A good bit about what we know about the 17th century comes from the diary of Samuel Pepys (pronounced "peeps") (1633 - 1703). Pepys kept a diary from 1660- 1669 and along with lots of minutia of what he ate, what he did during the day, which women he flirted with, and other things, he wrote a bit about woodworking.

In his diary he routinely refers to various remodeling projects and talks about the "joyners" who worked on the projects.

"Up betimes and set some joyners on work to new lay my floor in our wardrobe, which I intend to make a room for musique." August 3, 1663

"To my office, where I stood by and saw Symson the joyner do several things, little jobbs, to the rendering of my closet handsome and the setting up of some neat plates that Burston has for my money made me, and so home to dinner, and then with my wife, mother, and Mercer in one boat, and I in another, down to Woolwich. " May 29th 1665


Professionally he was one of the first and most important of the secretaries of the Admiralty and is credited for forming the modern British Navy. However his background was humble. The son of a weaver who caught the eye of a cousin - the Earl of Sandwich - who paid for his education and made him his secretary, Pepys got his job when the earl was one of the group that helped restore Charles ll to the throne. Pepys would have felt that manual labor wasn't something to be done by a gentleman such as he, but he certainly would have had some closer association with tradesman than a person who was born to the manor and he certainly enjoyed designing and managing the constant remodeling of his home.

You can read the diary here.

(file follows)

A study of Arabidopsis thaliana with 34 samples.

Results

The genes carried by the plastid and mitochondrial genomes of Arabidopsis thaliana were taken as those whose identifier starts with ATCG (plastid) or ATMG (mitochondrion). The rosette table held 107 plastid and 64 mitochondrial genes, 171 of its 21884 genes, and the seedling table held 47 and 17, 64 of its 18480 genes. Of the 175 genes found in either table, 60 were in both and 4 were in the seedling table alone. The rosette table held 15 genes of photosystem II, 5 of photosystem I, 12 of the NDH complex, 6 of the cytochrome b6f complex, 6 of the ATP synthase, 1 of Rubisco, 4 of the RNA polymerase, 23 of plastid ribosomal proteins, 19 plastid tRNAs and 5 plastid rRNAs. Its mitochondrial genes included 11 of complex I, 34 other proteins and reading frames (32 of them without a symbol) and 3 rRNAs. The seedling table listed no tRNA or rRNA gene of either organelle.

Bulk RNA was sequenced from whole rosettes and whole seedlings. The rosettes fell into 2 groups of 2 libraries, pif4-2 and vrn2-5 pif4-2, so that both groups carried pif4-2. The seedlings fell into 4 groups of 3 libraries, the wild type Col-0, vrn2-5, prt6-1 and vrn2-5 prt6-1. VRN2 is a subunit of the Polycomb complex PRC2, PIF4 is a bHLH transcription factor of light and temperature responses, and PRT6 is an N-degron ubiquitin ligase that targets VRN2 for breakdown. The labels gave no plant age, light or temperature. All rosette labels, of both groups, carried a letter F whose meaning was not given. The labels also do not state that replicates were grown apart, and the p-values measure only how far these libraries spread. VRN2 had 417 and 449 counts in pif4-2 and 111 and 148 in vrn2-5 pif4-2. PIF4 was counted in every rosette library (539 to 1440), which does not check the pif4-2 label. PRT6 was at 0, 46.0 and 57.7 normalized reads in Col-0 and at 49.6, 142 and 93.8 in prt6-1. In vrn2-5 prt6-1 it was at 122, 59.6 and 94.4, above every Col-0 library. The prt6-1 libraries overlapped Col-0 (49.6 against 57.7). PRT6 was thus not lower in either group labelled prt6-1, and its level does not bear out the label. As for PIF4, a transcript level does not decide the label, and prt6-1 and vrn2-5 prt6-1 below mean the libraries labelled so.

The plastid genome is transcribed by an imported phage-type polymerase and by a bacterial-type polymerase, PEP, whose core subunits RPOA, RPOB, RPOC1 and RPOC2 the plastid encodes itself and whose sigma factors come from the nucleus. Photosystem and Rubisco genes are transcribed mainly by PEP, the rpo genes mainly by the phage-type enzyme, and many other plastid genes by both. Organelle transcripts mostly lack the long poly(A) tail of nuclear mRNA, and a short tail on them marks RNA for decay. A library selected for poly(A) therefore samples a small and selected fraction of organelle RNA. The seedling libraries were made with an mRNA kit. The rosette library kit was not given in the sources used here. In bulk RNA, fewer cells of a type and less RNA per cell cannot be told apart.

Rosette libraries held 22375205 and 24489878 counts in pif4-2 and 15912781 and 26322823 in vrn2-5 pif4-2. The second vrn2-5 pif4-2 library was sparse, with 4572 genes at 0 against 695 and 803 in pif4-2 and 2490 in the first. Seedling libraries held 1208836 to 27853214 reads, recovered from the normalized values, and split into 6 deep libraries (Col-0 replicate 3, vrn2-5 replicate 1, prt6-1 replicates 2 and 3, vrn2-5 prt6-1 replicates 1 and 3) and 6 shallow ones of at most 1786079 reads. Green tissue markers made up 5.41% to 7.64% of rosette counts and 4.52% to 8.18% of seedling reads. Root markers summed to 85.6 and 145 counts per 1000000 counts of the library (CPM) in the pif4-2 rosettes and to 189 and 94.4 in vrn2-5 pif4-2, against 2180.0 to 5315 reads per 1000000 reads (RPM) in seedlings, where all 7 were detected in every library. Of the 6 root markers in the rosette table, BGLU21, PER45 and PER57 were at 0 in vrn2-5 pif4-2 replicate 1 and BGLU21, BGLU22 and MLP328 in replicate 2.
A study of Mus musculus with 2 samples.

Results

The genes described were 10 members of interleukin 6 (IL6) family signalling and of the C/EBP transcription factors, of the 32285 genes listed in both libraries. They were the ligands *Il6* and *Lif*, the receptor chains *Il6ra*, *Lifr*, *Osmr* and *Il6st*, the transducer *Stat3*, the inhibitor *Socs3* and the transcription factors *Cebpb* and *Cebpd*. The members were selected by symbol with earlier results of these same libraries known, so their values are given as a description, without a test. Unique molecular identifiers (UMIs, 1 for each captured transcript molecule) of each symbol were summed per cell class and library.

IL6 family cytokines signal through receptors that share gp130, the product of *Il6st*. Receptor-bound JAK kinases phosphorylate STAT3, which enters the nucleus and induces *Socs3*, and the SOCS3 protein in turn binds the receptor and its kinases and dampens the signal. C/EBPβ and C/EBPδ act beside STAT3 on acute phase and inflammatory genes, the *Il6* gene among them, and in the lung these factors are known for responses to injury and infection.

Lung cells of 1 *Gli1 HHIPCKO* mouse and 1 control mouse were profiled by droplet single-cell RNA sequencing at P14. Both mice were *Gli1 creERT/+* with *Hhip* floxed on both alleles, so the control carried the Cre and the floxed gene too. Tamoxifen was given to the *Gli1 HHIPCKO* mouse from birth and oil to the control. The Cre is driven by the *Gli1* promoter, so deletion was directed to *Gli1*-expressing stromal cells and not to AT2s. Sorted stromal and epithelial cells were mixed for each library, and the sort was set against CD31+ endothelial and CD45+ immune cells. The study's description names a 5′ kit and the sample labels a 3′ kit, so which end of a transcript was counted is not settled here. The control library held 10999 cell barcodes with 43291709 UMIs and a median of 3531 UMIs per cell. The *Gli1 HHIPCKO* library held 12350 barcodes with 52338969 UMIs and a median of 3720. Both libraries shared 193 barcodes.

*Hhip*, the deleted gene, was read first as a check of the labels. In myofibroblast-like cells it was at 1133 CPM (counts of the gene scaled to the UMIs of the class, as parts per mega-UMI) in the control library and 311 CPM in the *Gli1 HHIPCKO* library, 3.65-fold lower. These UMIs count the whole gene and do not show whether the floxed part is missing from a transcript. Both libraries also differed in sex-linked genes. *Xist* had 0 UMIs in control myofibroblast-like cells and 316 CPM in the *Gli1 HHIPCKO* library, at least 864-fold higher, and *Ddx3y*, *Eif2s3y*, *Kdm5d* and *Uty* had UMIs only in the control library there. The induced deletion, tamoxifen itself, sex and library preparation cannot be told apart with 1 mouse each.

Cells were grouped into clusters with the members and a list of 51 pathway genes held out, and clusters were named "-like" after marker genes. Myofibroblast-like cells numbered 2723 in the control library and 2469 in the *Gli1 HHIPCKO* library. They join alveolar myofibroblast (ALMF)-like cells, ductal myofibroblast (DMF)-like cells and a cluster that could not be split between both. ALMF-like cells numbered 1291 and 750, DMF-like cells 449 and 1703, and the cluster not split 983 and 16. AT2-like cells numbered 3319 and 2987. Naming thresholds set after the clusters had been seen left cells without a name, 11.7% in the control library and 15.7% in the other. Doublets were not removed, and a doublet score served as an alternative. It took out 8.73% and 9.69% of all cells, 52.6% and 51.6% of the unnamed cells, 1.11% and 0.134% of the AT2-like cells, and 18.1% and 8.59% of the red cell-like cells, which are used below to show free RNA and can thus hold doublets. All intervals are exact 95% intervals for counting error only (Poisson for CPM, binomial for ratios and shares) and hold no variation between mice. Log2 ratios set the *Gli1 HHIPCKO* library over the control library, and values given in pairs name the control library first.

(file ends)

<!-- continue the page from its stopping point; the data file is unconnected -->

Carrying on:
Pepy's also loved books and refers in the diary of buying books and other things from Joseph Moxon who was a major London publisher of the time.

"It being washing day, we had a good pie baked of a leg of mutton; and then to my office, and then abroad, and among other places to Moxon's, and there bought a payre of globes cost me 3l. 10s., with which I am well pleased, I buying them principally for my wife, who has a mind to understand them, and I shall take pleasure to teach her. But here I saw his great window in his dining room, where there is the two Terrestrial Hemispheres, so painted as I never saw in my life, and nobly done and to good purpose, done by his own hand." September 8,1663

Moxon's Mechanick Exercises is the first book in English on woodworking (and other crafts) and was originally published by as a series in an edition of 500 copies starting in 1677. Selling a book chapter by chapter by subscription made a lot of sense because this way you could gauge the audience before you had committed to typesetting and printing the entire book, which would have been an incredibly expensive project. The diary stops before Mechanical Exercises was published but it makes a lot of sense that Pepys would step up and subscribe.

After Pepys died his entire library was donated to Magdalene College at Cambridge where today the Pepys library sits stored in a case commissioned by Pepy's. A case for the first time specifically designed to store books. The first bookcase. In the library is Pepys' copy of Moxon's Mechanick Exercises.

My only question is how many postcards did Pepys get telling he had to renew NOW for a limited time only to get a preferred subscription rate!


Tags:Historical Subjects
Comments: 2
06/25/2009wood working http://www.timbecon.com.au
Sounds like he would be the kind of guy who would be very into
social networking websites, where he could tell everyone "what
he ate, what he did during the day, which women he flirted
with" and perhaps share a few wood working tips! :)
08/19/2009Gary Roberts http://toolemera.com
At one point Moxon threatened to dump all the printed pages into the trash if people did not pre-order enough copies to make Mechanick Exercises worth his while! I take it he was not of the quiet, unassuming British personality type.